Is this a UFO or a colorful, fuzzy sombrero? It's neither!This is M 104, the Sombrero Galaxy, located in the constellation Virgo The Maiden. It's a rather unusual …
Is this a UFO or a colorful, fuzzy sombrero? It's neither!
This is M 104, the Sombrero Galaxy, located in the constellation Virgo The Maiden. It's a rather unusual spiral galaxy seen almost edge on from our vantage point.
M 104 is about half the size of our Milky Way and about 31 million light-years from Earth. It sports a rather large central bulge of aging red stars and a thick dust band that gives it its distinctive shape like the brim of a Mexican hat.
It's very bright for its small size, so you can view it fairly well in 4-inch telescopes and spectacularly in scopes with apertures of 10 inches or larger. May is the best month to view this object as it gets lower in the sky in June and July making it more difficult to see unless you have an unobstructed dark view above the southwest horizon.
So, the next time you see a cow-crossing warning sign with what looks like a flying saucer on it along Taos area roads, think of this galaxy. It's the real deal.
Other celestial events to watch for in May and June:
Tuesday (May 29) Full Flower Moon.
The old adage, "April showers bring May flowers" is in concert with this full moon. Unfortunately, we are experiencing severe drought in this region. Nevertheless, our high sierra desert is blooming on schedule. Hopefully, we will receive enough rain in the coming months to replenish the life-giving water we all need.
Saturday (June 16) Venus and the Crescent Moon
Brilliant Venus, now the "evening star" for the rest of spring and most of the summer, will perform a duet with the moon about 15 degrees above the west-northwest horizon an hour after sunset (9:30 p.m. MDT). Taos residents will get the best view because of their unobstructed view of the western horizon.
If you have a digital single-lens reflex camera, this will make a beautiful picture. You need to set your camera on a tripod and take some test shots on a previous night, so you get the right exposure setting. Depending on your schedule and how you want the background sky to look, you can get some great photos from pre-twilight at 8:45 p.m. to Venus and moonset at 10:30 p.m.
Thursday (June 21) Summer Solstice
At precisely 4:07 a.m. MDT (about an hour and a half before sunrise) the sun will reach its furthest point north for the year. It will already be shifting back southward when you see it rise to mark the longest day of sunshine in the northern hemisphere.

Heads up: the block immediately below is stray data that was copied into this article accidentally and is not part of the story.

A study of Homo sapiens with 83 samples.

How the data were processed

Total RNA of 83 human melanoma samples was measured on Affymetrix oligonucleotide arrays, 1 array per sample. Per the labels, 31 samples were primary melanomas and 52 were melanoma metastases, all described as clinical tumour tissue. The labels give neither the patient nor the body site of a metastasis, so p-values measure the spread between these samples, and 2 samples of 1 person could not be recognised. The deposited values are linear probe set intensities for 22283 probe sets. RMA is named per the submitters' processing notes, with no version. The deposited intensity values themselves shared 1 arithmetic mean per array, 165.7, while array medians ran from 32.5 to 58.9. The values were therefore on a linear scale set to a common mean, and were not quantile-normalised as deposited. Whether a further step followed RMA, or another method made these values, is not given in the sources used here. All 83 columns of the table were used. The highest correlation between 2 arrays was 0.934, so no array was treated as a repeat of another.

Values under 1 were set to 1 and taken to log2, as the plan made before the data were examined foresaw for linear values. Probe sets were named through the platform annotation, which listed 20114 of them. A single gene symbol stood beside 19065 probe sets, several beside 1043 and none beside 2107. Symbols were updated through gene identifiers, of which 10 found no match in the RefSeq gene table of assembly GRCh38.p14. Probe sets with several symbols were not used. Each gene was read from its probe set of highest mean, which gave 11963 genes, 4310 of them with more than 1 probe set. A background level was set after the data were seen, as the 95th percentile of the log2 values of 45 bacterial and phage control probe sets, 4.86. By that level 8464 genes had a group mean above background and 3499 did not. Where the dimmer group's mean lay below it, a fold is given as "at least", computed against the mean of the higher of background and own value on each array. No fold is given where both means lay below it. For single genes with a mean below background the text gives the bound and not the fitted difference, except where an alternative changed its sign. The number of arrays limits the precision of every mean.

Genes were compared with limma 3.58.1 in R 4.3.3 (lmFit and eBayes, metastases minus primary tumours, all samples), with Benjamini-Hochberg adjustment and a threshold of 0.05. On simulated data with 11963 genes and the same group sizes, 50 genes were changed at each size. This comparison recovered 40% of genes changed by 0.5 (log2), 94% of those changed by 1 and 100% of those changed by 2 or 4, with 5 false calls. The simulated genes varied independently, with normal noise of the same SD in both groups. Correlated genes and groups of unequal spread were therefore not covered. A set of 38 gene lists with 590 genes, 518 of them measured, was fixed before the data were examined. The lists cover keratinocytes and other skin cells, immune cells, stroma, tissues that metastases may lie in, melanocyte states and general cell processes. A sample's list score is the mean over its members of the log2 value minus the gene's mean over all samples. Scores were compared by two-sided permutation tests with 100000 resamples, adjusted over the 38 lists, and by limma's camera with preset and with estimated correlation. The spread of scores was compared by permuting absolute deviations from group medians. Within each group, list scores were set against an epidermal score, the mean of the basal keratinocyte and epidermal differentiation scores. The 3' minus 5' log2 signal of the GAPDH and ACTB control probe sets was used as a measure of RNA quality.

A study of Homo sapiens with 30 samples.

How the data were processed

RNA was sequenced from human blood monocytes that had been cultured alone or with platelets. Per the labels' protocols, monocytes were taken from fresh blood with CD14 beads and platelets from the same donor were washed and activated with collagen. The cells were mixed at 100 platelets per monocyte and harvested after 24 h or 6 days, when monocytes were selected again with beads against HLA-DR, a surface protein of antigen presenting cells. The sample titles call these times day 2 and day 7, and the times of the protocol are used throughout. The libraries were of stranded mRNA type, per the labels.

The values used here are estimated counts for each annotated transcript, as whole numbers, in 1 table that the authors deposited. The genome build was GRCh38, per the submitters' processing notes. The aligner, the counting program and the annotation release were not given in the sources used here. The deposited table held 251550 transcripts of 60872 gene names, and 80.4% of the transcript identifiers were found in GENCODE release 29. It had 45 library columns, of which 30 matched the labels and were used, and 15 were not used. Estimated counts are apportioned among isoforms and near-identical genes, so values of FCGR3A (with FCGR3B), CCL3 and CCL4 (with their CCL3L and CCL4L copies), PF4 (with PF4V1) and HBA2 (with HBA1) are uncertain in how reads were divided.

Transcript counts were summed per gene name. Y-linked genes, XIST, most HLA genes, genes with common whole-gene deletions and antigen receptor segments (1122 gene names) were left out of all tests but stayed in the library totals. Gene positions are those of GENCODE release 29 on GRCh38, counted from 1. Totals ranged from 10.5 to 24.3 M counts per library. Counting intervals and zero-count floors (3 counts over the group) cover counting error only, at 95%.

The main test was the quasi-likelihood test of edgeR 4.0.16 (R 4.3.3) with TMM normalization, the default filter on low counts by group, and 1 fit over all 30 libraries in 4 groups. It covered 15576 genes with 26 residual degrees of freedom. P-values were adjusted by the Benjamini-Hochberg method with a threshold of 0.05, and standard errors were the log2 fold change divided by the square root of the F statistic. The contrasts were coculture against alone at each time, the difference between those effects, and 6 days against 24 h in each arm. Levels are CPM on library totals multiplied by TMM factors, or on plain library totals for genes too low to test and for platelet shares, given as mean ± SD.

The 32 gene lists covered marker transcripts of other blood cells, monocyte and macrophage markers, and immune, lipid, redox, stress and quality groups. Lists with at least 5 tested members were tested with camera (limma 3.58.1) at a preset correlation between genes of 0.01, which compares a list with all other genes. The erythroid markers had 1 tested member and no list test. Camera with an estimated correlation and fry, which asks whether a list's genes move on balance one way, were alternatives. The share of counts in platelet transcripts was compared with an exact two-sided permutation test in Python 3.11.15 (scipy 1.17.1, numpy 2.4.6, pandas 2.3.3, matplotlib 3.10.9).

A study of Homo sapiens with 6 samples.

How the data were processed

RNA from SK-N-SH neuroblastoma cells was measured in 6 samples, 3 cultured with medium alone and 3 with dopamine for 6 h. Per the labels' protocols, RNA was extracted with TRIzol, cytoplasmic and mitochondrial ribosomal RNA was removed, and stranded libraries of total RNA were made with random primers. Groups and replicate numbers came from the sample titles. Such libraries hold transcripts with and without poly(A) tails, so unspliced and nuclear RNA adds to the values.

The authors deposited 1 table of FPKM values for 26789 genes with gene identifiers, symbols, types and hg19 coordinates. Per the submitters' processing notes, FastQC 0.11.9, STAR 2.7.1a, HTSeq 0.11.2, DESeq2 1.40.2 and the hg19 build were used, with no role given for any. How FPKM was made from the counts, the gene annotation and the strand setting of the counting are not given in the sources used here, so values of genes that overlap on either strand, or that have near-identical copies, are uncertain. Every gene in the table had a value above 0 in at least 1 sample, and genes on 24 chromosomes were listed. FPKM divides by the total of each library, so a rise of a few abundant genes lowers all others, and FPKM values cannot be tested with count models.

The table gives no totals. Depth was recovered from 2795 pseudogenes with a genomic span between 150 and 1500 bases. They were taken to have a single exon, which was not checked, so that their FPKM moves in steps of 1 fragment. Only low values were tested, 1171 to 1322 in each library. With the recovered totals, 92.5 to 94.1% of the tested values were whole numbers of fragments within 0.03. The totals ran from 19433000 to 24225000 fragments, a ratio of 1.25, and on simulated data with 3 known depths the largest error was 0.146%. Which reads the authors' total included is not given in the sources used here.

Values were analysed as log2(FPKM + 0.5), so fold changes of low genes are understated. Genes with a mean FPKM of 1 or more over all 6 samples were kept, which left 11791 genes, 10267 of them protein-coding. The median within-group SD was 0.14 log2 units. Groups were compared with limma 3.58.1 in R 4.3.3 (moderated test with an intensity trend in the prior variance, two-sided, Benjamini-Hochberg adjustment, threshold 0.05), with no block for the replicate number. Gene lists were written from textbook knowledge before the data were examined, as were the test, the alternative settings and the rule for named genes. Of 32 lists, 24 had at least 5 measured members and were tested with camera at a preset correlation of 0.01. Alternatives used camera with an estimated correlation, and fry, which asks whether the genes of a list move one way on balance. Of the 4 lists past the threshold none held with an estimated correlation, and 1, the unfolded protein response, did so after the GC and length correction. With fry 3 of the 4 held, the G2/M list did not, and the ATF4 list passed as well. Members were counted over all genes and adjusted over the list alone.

"Sol" is Latin for "sun" and "stice" is derived from the Latin word, "sistere" which means, "to stand still." The sun seems to pause at its most northern point for a brief moment before starting its long journey to its southern most point at the winter solstice. For us this means many days of fun in the sun. Of course, the sun doesn't move at all. It's the Earth's orbit and its tilted axis with respect to the sun that causes this apparent motion.
Wednesday (June 27) Saturn at Opposition
Opposition is a term astronomers use to mark the spot in Earth's orbit that brings it closest to its respective outer planets.
Saturn is the planet most of us want to see because its beautiful rings make it a standout showpiece with respect to all the others. If you're a Saturn lover, this is the best combination you can hope for.
The ringed planet will be relatively brighter and bigger, and we will be enjoying the warmest night skies of the year too. Saturn's rings and up to five of its moons will be visible in even the smallest backyard telescopes.
Even if you don't have a telescope, Saturn will appear as a light caramel colored "star" to the naked eye. You'll have no trouble locating it on this night because it will be to the right of the nearly full moon.
That's a blessing and a curse. The moon is easy to see because it's so bright. Even though Saturn will be at its brightest for the year, the moon will be 39 times brighter. This may wash out a relatively dim Saturn.
You may need binoculars to explore the area outside the lower right limb of the moon to see it. Or, you can look a couple of nights before or after June 27 to see Saturn by itself in the constellation Sagittarius. Saturn will appear to be the brightest "star" perched above the top of the "teapot"-shaped star pattern of this well-known constellation.